Three for the show: Tintin, Marilyn and Young Adult
The Adventures of Tintin , the first in a proposed big-screen franchise, is also the inaugural big-screen collaboration between director Steven Spielberg and producer Peter Jackson (doubling as second unit director).
The motion-capture animation used to depict Tintin’s adventures is more lifelike than in earlier films that used the technology, which sometimes bears an inevitable question: Why not do it live-action? Given the advancements in special effects across the board, it likely wouldn’t be impossible.
Change of format or not, Spielberg has rounded up some of his “usual suspects,” including editor Michael Kahn and composer John Williams, who provides an unexpectedly jaunty, jazzy theme before resorting to his customary bombast in the later scenes.
The story follows the intrepid boy reporter Tintin (Jamie Bell) as he gallivants around the globe in search of three scrolls that will lead him to “The Treasure of the Unicorn.” Tintin is joined in his endeavor by his faithful dog Snowy and the boozy Capt. Haddock (Andy Serkis), all the while trying to remain one step ahead of his nemesis, Rackham (Daniel Craig).
For all its high-tech luster, there’s a pleasing quaintness to the proceedings, which are executed in fast-paced comic-book terms. Screenwriters Steven Moffat, Edgar Wright and Joe Cornish have not attempted to update the original setting or attitude of the Tintin stories, hence Capt. Haddock’s incessant thirst for spirits remains a running gag and not a cautionary lesson about the woes of whiskey.
The series of Tintin books by Herge (Georges Prosper Remi), which began in the 1920s, were more popular abroad than in the United States. Whether today’s kids will embrace Tintin as fervently is anybody’s guess, but Spielberg, Jackson and company have done their best to bring his adventures to the screen in colorful, eye-popping fashion.
My Week with Marilyn is a movie for movie lovers. Based on the memoir by Colin Clark (played by Eddie Redmayne), Simon Curtis’ film is awash in nostalgic affection for Hollywood history while tinged with the impending tragedy that would befall legendary screen siren Marilyn Monroe (here essayed by Michelle Williams).
Adrian Hodges’ screenplay dramatizes the production of the 1957 romantic comedy The Prince and the Showgirl, the only onscreen pairing of Marilyn and Lau rence
Olivier (Kenneth Branagh), who was also producing and directing the film. Young Colin was a production assistant who became the leading lady’s off-screen friend and confidante.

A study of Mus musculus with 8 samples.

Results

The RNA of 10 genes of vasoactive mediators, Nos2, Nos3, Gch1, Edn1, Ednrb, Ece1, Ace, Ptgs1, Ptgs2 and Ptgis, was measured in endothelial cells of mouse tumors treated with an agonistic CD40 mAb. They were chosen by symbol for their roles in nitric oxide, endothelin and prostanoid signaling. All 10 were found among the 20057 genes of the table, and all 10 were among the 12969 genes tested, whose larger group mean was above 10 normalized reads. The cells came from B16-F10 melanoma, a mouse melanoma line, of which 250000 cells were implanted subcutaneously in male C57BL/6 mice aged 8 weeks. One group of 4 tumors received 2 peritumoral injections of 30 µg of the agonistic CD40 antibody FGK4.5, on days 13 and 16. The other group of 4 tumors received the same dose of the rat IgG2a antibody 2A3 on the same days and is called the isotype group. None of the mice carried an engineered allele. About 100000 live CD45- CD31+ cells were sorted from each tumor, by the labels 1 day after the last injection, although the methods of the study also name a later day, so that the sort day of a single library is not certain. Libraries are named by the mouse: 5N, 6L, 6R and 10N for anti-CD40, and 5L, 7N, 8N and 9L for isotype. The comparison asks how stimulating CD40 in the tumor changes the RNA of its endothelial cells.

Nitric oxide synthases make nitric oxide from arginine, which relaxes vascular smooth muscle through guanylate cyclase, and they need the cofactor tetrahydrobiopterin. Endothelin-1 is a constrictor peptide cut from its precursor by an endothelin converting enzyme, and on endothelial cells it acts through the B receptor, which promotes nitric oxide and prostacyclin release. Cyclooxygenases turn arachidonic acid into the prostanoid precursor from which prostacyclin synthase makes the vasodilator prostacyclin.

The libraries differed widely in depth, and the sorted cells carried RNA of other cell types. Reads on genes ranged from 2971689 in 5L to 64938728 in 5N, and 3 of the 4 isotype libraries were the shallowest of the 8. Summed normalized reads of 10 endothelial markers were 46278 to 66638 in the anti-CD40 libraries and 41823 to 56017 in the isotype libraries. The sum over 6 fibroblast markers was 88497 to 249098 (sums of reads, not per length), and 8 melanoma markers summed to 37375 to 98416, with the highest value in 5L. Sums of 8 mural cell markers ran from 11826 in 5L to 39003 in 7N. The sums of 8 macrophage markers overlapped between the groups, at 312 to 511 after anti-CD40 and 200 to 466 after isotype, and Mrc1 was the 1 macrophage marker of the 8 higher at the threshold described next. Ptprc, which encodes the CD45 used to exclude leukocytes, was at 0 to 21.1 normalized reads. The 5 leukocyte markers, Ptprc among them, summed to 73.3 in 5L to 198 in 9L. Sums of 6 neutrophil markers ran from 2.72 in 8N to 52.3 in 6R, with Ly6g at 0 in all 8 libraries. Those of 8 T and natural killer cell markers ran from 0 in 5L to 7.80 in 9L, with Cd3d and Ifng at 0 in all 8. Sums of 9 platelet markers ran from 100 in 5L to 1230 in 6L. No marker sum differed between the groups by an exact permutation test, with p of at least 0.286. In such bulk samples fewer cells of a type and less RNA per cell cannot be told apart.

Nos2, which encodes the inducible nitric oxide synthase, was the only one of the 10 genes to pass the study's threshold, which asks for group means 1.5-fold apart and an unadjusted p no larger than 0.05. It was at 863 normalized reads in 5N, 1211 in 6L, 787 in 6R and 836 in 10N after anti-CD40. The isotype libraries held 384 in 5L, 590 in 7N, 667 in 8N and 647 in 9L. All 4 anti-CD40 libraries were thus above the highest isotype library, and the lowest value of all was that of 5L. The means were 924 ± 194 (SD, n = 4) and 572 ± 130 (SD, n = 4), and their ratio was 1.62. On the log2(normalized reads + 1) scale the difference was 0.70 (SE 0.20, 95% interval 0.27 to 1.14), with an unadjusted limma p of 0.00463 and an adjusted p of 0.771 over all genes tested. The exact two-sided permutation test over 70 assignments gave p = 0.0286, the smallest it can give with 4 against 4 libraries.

Given how familiar the image of Marilyn Monroe is, having been parodied and imitated for decades, Williams carries off the role surprisingly well, nicely capturing the insecurity beneath the icon, emphasizing her “little-girllost” quality. As glamorous and famous as she is, Marilyn craves the attention even as it smothers her, an observation noted by her new husband, playwright Arthur Miller (Dougray Scott), who bails early in the production. (Their marriage didn’t last much longer, either.)
Branagh doesn’t necessarily resemble Olivier, but often captures the vocal inflections and mannerisms of the late Lord, and a fine cast also includes Zoe Wanamaker (as Marilyn’s implacable acting coach, Paula Strasberg), Julia Ormond (as Mrs. Olivier, Vivien Leigh), Toby Jones (as agent Arthur P. Jacobs, later the producer of the Planet of the Apes films), Emma Watson, Derek Jacobi, Jim Carter, Michael Kitchen, Dominic Cooper and Judi Dench, who steals every scene she’s in with a warm and wonderful portrayal of Dame Sybil Thorndike.
Young Adult reunites Juno’s Oscar-nominated director Jason Reitman with Oscar-winning screenwriter Diablo Cody, and again they’ve fashioned a sometimes-edgy, sometimes-incisive comedy. The results are uneven in the end, but it’s not for lack of trying.
Charlize Theron plays Mavis Gary, a divorced and disheveled writer of young-adult novels who impetuously decides to move back to her hometown and win back her high-school beau Buddy (Patrick Wilson), even though he’s married and has recently become a father. Surely he must be itching to escape, Mavis reasons, despite all evidence to the contrary.
Rather unwittingly — and certainly unwillingly, once it starts in earnest — Mavis’’homecoming forces her to confront her past (which wasn’t nearly as ideal as she seems to think it was) and to face up to her future, whatever that may be. This is a coming-of-age tale, with some sting in the tail.
Theron clearly revels in playing so abrasive a character as Mavis, and the frequently underappreciated Wilson is effortlessly appealing as a genuinely good guy (who has grown up). Patton Oswalt also scores too as Matt, a disabled former high-school classmate who acts as the voice of reason in Mavis’ relentless pursuit of Buddy.
There are a few unexpected, and perhaps unnecessary, dramatic twists late in the proceedings, some of which feel extraneous. Young Adult doesn’t quite hold together, but it’s certainly several cuts above the usual dopey Hollywood comedy, and that certainly counts for something.